An employee was driving an agency vehicle in the workplace, breached safety rules, and caused a private sector operator to initiate emergency stop/evasive action. As a result, the employee's driving permit for that workplace was suspended for 12 months. The employee was subsequently drug tested and found to have traces of an illegal drug in his system.
As a consequence the employee was found to have breached the Code of Conduct.
The employee claimed that his breach of safety rules was minor and denied that he used prohibited drugs. He believed he may have been a victim of drink spiking a few days before he was tested by the agency. Neither the breach nor sanction decision maker accepted this submission.
The employee was reassigned duties to another location as a sanction for misconduct and, as a consequence, lost shift penalties and other allowances. The employee sought review by the Merit Protection Commissioner of the sanction decision. He wanted the sanction overturned or at least changed to a sanction that would not cause him as much financial disadvantage.
The Merit Protection Commissioner considered that the employee's failure to abide by safety rules by failing to stop and give way to a vehicle had the potential to cause a serious accident. The agency also had a zero tolerance policy towards the use of illegal drugs which the employee had failed with comply with. The employee's actions involved a breach of the agency's trust and had the potential to seriously damage the reputation of the agency and the APS. The Merit Protection Commissioner considered that the breaches were serious in nature.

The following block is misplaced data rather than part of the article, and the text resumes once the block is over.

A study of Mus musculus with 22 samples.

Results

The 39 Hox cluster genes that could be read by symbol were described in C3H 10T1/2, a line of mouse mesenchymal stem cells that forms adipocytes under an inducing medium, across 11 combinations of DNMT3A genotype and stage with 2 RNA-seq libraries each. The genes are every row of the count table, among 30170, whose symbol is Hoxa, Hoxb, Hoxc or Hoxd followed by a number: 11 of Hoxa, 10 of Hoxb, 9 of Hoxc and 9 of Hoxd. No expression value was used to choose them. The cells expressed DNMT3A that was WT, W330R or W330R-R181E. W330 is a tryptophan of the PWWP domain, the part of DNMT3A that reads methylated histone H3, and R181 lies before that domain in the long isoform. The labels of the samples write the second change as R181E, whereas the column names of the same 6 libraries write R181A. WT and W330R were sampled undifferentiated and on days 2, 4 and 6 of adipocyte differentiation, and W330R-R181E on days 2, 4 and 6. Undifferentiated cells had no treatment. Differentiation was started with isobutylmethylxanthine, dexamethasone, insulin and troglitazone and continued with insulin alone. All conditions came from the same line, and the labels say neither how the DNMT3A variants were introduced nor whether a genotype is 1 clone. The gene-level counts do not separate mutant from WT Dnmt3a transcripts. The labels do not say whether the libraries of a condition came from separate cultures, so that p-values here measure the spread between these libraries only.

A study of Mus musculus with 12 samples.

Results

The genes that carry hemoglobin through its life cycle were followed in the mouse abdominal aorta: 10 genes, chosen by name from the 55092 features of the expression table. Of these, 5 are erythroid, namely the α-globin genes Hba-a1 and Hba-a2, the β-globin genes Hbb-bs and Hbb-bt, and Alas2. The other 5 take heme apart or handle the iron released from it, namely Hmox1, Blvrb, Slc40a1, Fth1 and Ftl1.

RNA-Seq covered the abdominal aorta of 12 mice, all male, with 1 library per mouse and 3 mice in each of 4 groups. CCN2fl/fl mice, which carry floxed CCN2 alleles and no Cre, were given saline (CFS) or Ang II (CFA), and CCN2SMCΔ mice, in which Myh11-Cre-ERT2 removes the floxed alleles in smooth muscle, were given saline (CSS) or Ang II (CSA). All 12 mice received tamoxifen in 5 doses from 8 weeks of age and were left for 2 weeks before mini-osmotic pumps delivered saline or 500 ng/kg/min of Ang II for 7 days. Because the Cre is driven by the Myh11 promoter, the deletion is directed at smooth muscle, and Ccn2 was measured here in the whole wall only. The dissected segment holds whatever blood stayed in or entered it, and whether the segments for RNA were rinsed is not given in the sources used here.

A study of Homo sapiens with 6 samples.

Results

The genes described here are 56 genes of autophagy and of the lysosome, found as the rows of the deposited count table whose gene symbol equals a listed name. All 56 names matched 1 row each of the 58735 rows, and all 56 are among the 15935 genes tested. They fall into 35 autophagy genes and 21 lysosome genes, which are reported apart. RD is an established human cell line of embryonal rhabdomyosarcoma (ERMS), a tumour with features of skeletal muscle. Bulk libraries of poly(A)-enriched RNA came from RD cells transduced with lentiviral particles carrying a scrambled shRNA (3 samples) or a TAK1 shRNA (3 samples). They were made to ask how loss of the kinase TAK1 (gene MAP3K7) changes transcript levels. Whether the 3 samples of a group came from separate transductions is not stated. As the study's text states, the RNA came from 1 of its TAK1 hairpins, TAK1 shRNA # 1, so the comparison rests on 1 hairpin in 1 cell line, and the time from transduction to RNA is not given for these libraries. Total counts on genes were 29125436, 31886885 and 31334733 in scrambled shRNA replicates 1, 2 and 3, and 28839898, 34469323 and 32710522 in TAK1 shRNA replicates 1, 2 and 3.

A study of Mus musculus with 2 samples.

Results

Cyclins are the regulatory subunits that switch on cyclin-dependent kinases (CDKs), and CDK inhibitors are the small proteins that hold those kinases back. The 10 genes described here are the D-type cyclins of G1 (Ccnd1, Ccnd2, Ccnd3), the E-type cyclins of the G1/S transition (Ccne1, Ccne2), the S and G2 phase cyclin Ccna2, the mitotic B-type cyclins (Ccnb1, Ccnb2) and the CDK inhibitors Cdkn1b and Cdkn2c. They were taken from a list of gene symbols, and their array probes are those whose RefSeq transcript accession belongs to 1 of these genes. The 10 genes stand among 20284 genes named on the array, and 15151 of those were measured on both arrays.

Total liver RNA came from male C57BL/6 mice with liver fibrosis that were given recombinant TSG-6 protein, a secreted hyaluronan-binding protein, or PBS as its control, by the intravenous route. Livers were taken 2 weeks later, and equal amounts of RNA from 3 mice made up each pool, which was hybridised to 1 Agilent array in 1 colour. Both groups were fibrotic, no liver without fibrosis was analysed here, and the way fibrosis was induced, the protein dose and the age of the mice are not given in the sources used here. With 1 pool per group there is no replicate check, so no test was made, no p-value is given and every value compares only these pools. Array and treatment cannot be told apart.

The Merit Protection Commissioner considered whether the employee's claim that he unknowingly took a prohibited drug was a mitigating factor but concluded that it was not. The Merit Protection Commissioner found the employee's claims of drink spiking unconvincing as he provided no supporting evidence and his suggestion that he was unaware at the time that his drink had been spiked was implausible.
As indicated, the Merit Protection Commissioner considered that the misconduct in question was serious. For this reason, and in the absence of mitigating factors, the Merit Protection Commissioner concluded that a sanction of re-assignment of duties to another location was the appropriate sanction, notwithstanding the financial effect on the employee.